Many of the one million Coloradans with high cholesterol are about to save more than $100 a month, because the price is plummeting on the world’s best-selling drug.
Many of these people are spending roughly $115 to $187 a month on Lipitor to control their cholesterol and cut their chances of a heart attack. Many others are not filling their prescriptions because the medication is too expensive.
But now Pfizer’s patent is expiring, and the generic version called atorvastatin is due on the market Nov. 30. Health industry analysts expect the price to drop by a third immediately. Within six months, they say it could drop as low as $5 for a month’s supply.
That could save billions of dollars for American patients, insurers and taxpayers, who spent more than $7 billion on Lipitor last year, according to analyst IMS Health.
Lipitor is currently the top-seller among anti-cholesterol drugs, called statins. These medications “are the penicillin of heart disease. They save lives, get people out of the hospital and improve the quality of life,” said Dr. Thomas Haffey, governor of Colorado’s chapter of American College of Cardiology.
“[These medications]” are the penicillin of heart disease. They save lives, get people out of the hospital and improve the quality of life.”
– Cardiologist Dr. Thomas Haffey
Statins lower cholesterol, which hardens arteries and can cause blockages and heart attacks. They also are used to reduce blood pressure, another risk factor for heart problems.
Haffey sees patients in his office every day who are choosing to go without cholesterol medication because they can’t afford them.
“They often make tough decisions about whether they eat or whether they take the medicines,” he said.
Lowering the cost of statin drugs like Lipitor, Haffey says, certainly will help the fight against heart disease. Patients who have been going without the drug because of the expense may change their minds when they see its new bargain price.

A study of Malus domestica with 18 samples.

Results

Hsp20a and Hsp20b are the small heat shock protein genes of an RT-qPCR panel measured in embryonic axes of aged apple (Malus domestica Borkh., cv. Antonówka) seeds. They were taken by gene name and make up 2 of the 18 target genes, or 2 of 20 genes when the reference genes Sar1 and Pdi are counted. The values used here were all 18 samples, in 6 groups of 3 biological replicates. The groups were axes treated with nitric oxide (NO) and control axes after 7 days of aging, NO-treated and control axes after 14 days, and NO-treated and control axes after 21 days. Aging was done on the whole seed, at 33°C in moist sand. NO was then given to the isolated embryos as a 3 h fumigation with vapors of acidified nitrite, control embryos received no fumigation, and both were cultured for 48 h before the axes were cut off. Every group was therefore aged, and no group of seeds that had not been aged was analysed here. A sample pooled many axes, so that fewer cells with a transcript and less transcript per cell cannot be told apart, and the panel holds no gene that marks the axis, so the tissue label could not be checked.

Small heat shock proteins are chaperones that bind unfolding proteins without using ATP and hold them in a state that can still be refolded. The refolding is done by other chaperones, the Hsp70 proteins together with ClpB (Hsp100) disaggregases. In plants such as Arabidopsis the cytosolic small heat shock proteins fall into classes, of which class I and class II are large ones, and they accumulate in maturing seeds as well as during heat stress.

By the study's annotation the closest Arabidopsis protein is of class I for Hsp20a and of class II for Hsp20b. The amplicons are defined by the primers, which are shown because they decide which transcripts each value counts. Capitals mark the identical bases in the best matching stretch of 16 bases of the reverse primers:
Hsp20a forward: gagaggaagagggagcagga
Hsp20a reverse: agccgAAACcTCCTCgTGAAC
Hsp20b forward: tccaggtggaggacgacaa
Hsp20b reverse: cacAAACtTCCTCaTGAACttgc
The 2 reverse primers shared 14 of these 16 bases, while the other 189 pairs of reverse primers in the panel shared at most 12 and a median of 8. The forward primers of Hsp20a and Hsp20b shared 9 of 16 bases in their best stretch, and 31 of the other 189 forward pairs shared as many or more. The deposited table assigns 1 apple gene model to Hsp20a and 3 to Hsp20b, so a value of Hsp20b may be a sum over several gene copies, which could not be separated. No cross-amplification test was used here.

“Any time you can reduce the costs of quality health care, we certainly are happy and encouraged about that,” he said.
Some Coloradans who can afford Lipitor have been put off by the high cost. The Blaney brothers are among them.
Peter Blaney of Monument and Marshall Blaney of Aurora have both been diagnosed with chronic high blood pressure. Their health insurance policies don’t cover prescription drugs. Peter Blaney – who describes himself as frugal – has resisted taking Lipitor because it’s expensive. “But now that it’s going generic, I’m making it my New Year’s resolution,” he said.
Meanwhile, Marshall Blaney says he currently buys a higher-strength statin drug for a few dollars more than his prescription strength, and cuts the pills into four pieces down to his correct dosage.
“If you buy a tablet that’s four times as strong, that’s easy to divide into four,” he said. “Then you’ve pretty much cut the cost of the prescription into a fourth.”
Cardiologist Haffey doesn’t recommend splitting pills. But many physicians help their patients deal with the high cost of medicine in this way.
Lipitor isn’t the first cholesterol-buster to go generic. Zocor, now sold under its generic name simvastatin, is a less powerful alternative to Lipitor, and another big seller, Haffey said. A third statin drug, AstraZeneca’s Crestor, which has not lost its patent, is the most powerful cholesterol-buster on the market, said Haffey.
In a recent conference call, Pfizer Chief Executive Officer Ian Read predicted their Lipitor sales will be cut in half next year. The price drop is expected to knock Pfizer from the world’s top-selling pharmaceutical company to third.
If past trends are any indication, the generic atorvistatin will likely dramatically outsell Lipitor in the first year.
IMS Health spokesperson Gary Gatyas says he saw it happen with the statin drug Zocor and its generic, simvastatin. “Once a drug loses patent, we traditionally see unit volumes increasing. Sales of brand names tend to fall.”
Pfizer is taking drastic measures to protect its investment. It is offering a coupon to cut copays on Lipitor for insured patients to as little as $4 a month. The coupon offer is good for a year and can be found at Lipitor’s website.
Pfizer also is considering further efforts to hold onto its pharmaceutical gold mine. It is looking into creating a version of Lipitor that can be sold over the counter, according to CEO Read.
That may take another two years, partly due to the regulatory process.
Pfizer has licensed the generic version of the drug to Watson Pharmaceuticals. Industry analysts predict the American company will take in more than $500 million in sales in its first six months from this one drug.
Meanwhile, an Indian-based company, Ranbaxy, has the right to sell the generic of Lipitor beginning on Nov. 30. But it has had trouble with the U.S. Food and Drug Administration for violating manufacturing rules on other products. Whether Ranbaxy can sell on Nov. 30 may be a last-minute decision.
FDA spokeswoman Sandy Walsh declined to comment on whether a Ranbaxy version would be in pharmacies soon. She only said, “Our job is to make sure that these drugs are up to the gold standard.”
Patients may request either version from their pharmacy.